Does the Distance a Patient Has to Travel Affect Where They Choose to Get Their Care?
Long Travel Distances to High Volume Centers May Pose a Barrier to Optimal Cancer Care for Some Patients
PHILADELPHIA (August 31, 2009) – Do patients choose where to get their care based on how long it takes to them to get there? Researchers at Fox Chase Cancer Center have recently documented a growing trend in the centralization of cancer surgery—more patients seeking care at high volume centers, which are generally located in metropolitan areas. While trends like this should improve patient outcomes, a study published in the Journal of Clinical Oncology shows that there are still a good number of patients who will not travel a long distance to get their care.
“Based on results of previous studies, patient outcomes should be improved with centralization of cancer surgery, however, we are concerned that the long distances patients may need to travel will serve as a barrier to access to high volume centers,” says Karyn Stitzenberg, MD, MPH, who led the study while at Fox Chase and is currently adjunct assistant professor for the Department of Health Policy and Management at University of North Carolina. “Centralization at high volume centers comes with a cost, as some patients may need to travel long distances to reach high volume centers. These increased travel distances may pose a significant barrier to quality cancer care for some subsets of the population.”
The study used discharge data from 1996-2006 for hospitals in New York, New Jersey and Pennsylvania. Patients ages 18 and over who were treated with surgery for colorectal, esophageal or pancreatic cancer were included. Over 272,000 procedures met criteria for inclusion in the study, specifically 5,273 esophageal, 13,472 pancreatic, 202,879 colon and 51,262 rectal procedures.
Elin Sigurdson, MD, PhD, FACS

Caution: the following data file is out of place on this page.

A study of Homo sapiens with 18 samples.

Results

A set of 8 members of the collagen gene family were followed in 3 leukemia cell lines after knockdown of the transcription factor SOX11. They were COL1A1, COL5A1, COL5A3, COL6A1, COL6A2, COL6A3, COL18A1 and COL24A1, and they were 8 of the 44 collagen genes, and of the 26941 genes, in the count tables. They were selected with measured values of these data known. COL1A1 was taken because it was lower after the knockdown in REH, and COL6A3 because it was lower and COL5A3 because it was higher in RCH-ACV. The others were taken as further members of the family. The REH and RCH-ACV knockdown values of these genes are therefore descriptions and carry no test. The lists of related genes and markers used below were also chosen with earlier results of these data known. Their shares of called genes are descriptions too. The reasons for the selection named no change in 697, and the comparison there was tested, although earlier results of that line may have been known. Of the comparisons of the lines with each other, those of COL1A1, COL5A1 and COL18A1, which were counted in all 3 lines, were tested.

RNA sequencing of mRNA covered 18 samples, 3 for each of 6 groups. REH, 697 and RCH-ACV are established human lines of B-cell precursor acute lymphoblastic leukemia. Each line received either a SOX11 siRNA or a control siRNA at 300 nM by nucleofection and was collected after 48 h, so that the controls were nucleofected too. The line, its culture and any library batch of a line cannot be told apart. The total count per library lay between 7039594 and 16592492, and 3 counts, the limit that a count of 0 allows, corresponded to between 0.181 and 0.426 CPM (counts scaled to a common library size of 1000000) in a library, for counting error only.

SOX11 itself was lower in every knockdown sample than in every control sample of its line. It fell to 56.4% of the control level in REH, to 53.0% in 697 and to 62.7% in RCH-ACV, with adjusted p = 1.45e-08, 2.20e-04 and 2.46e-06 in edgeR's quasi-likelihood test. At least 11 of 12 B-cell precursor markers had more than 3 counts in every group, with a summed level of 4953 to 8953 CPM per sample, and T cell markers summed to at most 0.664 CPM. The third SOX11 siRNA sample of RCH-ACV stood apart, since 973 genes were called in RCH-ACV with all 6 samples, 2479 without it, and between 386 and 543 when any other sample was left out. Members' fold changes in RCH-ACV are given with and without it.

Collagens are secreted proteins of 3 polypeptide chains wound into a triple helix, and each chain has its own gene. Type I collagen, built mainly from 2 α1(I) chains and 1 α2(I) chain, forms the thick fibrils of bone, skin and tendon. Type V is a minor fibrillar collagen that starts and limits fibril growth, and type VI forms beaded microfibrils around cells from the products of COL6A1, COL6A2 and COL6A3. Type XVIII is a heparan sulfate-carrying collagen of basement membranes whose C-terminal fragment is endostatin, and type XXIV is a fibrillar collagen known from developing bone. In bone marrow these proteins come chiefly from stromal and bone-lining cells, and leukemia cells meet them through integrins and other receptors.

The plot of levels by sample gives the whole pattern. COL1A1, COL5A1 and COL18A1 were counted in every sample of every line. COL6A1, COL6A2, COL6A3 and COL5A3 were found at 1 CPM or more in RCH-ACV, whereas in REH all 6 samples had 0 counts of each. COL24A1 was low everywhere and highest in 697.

A shift from low volume to high volume centers occurred to varying degrees for esophageal, pancreatic and colon cancer procedures. The change was the greatest for esophageal and pancreatic cancer, which are less common than cancers of the colon and rectum. In contrast to 1996, the vast majority of procedures for these less common cancers are now performed at high volume centers.
Among the study population, travel distance increased for all patients, but more so for patients with less common cancers. For example, travel distance increased 72 percent for patients with esophageal cancer, compared to 17 percent for patients with colon cancer.
“Our study demonstrated that the increase in travel distance was a direct result of the trend toward centralization at high volume centers,” adds Elin R Sigurdson, MD, PhD, FACS - Chief of the Division of General Surgery, Surgical Oncology; Director of Surgery Oncology Fellowships; Director of Breast Fellowships, head of surgical research at Fox Chase and co-author on the study. “This study also confirms what others have found, that disparities of cancer care exist. Since disadvantaged patients are more likely to remain at low volume centers, we worry that travel may increasingly serve as a barrier for these patients, especially during tough economic times.”
Fox Chase Cancer Center, part of the Temple University Health System, is one of the leading cancer research and treatment centers in the United States. Founded in 1904 in Philadelphia as one of the nation’s first cancer hospitals, Fox Chase was also among the first institutions to be designated a National Cancer Institute Comprehensive Cancer Center in 1974. Fox Chase researchers have won the highest awards in their fields, including two Nobel Prizes. Fox Chase physicians are also routinely recognized in national rankings, and the Center’s nursing program has received the Magnet recognition for excellence four consecutive times. Today, Fox Chase conducts a broad array of nationally competitive basic, translational, and clinical research, with special programs in cancer prevention, detection, survivorship, and community outreach. For more information, call 1-888-FOX CHASE or (1-888-369-2427).